Saturday 18 December 2021

Movie Review: All Good Things (2010)

A crime drama inspired by real events, All Good Things is a fascinating story hampered by an emotional void.

In 2003, David Marks (Ryan Gosling) is testifying in a courtroom, and events are revealed in flashback. In the early 1970s, Sanford Marks (Frank Langella) is a New York City real estate tycoon. His son David is a young man traumatized by the death of his mother when he was young, and now resisting his father's pressure to get involved in the family business. Instead, David marries aspiring medical student Katie McCarthy (Kirsten Dunst) and they relocate to Vermont and open the All Good Things country store.

But David eventually succumbs to his father's wishes and the newlyweds relocate to New York. A fissure develops between Katie and David when he denies her wish to start a family. They grow apart, and he withdraws into an incommunicative shell. The detachment turns to hostility, and over the years bad things start to happen to the people around David, including Katie, his friend Deborah Lehrman (Lily Rabe), and lonely old man Malvern Bump (Philip Baker Hall).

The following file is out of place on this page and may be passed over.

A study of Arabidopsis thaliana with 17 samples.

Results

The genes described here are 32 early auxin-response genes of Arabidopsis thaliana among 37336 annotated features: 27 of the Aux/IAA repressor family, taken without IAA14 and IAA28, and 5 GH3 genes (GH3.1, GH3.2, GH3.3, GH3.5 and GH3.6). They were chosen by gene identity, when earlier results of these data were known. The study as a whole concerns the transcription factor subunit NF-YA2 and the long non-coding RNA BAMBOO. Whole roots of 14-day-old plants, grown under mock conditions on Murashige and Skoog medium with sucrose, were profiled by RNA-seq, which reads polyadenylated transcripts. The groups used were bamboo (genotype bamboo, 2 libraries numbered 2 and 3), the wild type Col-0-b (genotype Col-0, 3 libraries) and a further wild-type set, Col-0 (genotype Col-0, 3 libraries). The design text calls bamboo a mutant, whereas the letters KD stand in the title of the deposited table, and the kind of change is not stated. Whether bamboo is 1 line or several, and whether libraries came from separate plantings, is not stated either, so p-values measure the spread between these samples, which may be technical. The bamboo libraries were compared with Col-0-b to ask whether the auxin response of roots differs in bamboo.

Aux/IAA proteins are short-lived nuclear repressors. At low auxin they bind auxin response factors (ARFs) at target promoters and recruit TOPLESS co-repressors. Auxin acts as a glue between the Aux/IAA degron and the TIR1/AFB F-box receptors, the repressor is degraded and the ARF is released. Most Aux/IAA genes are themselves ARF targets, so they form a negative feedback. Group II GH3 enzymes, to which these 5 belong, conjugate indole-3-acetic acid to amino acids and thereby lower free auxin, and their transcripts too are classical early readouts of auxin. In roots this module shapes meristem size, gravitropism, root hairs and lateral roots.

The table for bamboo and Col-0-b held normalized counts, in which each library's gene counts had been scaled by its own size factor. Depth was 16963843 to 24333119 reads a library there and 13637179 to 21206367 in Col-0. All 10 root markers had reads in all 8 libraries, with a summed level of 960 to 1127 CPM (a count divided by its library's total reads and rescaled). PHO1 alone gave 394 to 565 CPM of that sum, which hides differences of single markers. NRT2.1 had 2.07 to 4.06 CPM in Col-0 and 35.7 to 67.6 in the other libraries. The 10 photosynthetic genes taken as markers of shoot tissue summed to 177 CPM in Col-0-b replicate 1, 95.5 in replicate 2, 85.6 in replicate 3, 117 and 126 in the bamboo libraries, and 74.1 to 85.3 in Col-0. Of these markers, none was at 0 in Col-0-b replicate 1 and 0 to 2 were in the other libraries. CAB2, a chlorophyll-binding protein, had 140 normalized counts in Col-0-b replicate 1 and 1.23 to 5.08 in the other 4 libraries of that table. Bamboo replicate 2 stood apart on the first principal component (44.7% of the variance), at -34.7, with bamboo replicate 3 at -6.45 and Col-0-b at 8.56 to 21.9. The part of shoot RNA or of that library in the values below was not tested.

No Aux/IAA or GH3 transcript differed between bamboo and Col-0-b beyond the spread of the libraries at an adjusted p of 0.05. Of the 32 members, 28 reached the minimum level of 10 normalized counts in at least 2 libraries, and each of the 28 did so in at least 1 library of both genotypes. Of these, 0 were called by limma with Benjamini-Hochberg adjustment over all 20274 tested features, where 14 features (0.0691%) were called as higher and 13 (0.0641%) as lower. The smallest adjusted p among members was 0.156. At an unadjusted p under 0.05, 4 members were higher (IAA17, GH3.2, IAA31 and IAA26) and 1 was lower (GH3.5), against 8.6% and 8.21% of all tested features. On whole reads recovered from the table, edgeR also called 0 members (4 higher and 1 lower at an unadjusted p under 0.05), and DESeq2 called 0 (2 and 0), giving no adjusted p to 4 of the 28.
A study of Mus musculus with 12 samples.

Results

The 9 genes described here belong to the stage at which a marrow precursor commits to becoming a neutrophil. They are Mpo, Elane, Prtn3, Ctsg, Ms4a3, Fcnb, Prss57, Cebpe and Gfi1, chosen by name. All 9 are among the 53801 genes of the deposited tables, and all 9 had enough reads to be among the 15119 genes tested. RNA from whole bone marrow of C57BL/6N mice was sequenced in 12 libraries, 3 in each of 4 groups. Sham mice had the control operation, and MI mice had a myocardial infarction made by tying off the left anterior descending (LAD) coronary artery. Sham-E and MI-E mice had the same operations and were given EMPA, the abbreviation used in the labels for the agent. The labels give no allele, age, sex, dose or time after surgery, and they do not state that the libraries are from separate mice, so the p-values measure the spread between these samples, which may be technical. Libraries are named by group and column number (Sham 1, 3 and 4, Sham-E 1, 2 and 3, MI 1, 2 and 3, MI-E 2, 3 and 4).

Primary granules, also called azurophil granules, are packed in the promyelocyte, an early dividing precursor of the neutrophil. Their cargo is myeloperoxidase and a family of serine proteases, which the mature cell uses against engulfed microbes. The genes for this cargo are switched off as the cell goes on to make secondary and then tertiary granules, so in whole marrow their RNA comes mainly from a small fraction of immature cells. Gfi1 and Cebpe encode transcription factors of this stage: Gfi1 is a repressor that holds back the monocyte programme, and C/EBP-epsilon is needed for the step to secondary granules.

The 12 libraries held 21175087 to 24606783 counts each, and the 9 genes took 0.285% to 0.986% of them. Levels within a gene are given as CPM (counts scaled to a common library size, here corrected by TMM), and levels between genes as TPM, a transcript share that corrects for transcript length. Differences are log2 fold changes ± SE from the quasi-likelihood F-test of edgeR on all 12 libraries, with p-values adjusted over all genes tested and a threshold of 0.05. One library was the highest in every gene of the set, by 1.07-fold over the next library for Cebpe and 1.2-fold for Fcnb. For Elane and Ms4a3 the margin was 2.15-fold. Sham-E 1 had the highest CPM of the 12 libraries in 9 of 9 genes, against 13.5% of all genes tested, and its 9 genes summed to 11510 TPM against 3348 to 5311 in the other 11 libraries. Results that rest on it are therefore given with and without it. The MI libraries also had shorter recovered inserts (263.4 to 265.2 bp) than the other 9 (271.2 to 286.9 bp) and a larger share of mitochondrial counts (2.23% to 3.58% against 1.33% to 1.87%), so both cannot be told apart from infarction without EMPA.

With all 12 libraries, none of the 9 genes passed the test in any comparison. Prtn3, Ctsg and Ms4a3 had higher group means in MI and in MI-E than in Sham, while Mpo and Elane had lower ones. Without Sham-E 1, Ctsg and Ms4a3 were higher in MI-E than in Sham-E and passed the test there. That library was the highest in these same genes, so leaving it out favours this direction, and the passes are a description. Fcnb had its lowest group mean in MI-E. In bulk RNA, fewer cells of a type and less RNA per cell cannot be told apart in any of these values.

Director Andrew Jarecki steps away from documentaries but stays close to a version of reality, All Good Things inspired by the true story of Robert Durst. Co-writers Marcus Hinchey and Marc Smerling fictionalize the remarkable sequence of events resulting in two suspicious deaths and one missing person over several decades, all swirling around the troubled son of a real estate magnate.

With a quiet mood, a sense of dread, and good use of short and sharp flashbacks, the film is always compelling. But for a relatively brisk length of 101 minutes, the set-up takes a long time. Throughout the first half, David is generally sympathetic (with hints of distress) as a free-spirited scion pushing against a stern father. Once events move towards nefarious intentions, his switch to a withdrawn and mostly silent antagonist leaves behind a disorienting vacuum in the form of an expressionless plotter of evil.

This is no fault of Ryan Gosling, who embodies an enigmatic man descending into an unfortunately unspoken inner hell. It is left to Kirsten Dunst to provide a warm heart and soul, and the film turns cold once Katie is sidelined. But David's grotesque adventures continue, and a final chapter brings in sharp-shooting old codger Malvern Bump, a bizarre cross-dressing sub-plot, and a sudden rise in prominence for the previously barely relevant Deborah. Again the actual plot elements are engrossing, but by now also disjointed.

All Good Things fades towards disheartening resolutions. But the film's release triggered a series of subsequent milestones, including interviews, a documentary, and criminal charges, in a circular case of representative art re-influencing reality.